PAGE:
Generally, I don’t find the grocery store interesting. In fact, it makes me sleepy. It’s really quite incredible how fast I start yawning. But that’s another blog post, and possibly, a fascinating medical study. Every once in a while, though, I see something bizarre and I start to wake up.
If I’m taking a photo at the grocery store, it means I’ve found something strange. Take a look at this box of tampons. Think about it for a moment. Every woman knows how valuable tampons are. At least that’s how I’ve always explained the Tampax Pearl line to myself. In this package, it looks like Tampax is bragging about how radiant the plastic is. The Gestalt principle of proximity overpowers everything else when I look at this.
Just in case you’re not familiar with a tampon’s apparatus, the plastic applicator is only used for insertion. It is then discarded. It’s a vessel for the cotton, which silences the woman’s period and becomes her ally. I no more need radiant plastic in my tampons than I need cashmere fibers in my toilet paper.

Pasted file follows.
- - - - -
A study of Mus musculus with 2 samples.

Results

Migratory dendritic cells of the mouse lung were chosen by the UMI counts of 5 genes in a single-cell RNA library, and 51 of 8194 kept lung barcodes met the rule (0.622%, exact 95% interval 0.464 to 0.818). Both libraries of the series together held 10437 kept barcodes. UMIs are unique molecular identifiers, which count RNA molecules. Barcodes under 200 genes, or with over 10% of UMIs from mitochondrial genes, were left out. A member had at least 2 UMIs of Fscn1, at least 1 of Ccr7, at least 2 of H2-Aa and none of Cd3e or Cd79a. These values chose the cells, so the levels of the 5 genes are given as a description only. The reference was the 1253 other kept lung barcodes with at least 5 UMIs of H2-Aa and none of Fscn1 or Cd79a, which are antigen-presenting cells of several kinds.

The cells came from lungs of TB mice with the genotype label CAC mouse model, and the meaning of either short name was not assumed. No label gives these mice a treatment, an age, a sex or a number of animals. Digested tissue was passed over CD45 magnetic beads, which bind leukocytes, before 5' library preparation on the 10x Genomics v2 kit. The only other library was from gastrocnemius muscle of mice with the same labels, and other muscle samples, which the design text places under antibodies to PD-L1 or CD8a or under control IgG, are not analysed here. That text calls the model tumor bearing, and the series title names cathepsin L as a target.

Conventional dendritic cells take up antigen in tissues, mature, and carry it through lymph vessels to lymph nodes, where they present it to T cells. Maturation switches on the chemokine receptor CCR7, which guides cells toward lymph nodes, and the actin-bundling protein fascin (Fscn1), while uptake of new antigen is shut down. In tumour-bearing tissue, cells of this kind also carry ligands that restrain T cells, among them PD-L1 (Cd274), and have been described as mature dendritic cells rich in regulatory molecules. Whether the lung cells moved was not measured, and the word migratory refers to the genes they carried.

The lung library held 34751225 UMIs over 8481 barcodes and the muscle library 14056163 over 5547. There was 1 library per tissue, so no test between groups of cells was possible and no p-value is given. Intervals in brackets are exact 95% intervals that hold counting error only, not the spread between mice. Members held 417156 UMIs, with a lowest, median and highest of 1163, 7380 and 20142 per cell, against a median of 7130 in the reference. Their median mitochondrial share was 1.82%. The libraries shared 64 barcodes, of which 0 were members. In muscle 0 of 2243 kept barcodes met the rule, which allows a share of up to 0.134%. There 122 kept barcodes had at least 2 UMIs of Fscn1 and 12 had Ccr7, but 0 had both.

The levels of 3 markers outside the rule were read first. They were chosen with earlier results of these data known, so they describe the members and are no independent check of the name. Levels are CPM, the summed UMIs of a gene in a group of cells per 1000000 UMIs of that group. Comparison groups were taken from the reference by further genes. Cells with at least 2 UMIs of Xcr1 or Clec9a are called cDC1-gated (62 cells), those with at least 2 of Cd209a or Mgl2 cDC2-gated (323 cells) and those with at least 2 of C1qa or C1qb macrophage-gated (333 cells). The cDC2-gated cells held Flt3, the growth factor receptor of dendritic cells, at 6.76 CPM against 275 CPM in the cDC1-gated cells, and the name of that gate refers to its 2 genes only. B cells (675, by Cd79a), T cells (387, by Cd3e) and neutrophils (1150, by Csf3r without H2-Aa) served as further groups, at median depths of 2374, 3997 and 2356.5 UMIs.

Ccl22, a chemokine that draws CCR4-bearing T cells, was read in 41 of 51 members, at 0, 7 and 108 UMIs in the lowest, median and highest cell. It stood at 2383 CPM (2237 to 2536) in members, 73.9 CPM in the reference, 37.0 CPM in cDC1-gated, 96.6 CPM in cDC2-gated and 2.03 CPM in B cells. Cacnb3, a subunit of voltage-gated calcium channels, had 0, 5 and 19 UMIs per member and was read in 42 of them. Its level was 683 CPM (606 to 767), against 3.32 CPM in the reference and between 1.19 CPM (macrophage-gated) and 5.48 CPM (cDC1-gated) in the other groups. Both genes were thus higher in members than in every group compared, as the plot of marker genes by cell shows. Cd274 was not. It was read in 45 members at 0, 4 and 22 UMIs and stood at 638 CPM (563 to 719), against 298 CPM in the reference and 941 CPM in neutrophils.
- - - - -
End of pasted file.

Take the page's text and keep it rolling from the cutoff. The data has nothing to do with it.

I see a big missed opportunity here. Tampons offer confidence and freedom. I’m not exaggerating. All my women readers know this. It’s not that I think “radiant” is an inappropriate word for the brand, but I think it’s all wrong for the physical product. Something radiant sends out signals or wavelengths, the opposite of absorption. Radiance draws attention to itself. No good tampon draws attention to itself.
But the word, “radiant” can still work for the brand story. There’s nothing shameful about getting periods. Yet, in some parts of the world, this can halt education for girls. These girls are smart, deserving and radiant. I think tampons are superhero products, but promoting radiant plastic (even accidentally) is just plain weird.
And without the human element, the word “radiant” loses all the context about the women who rely on Tampax. Think about how a package with human graphics would stand out. With packaging and graphics so similar to the other brands, Tampax just looks like a more expensive version of the same thing. We know what tampons look like, so why feature them prominently on the front of the box? This is a very human-centered product. I think the brand should be, too.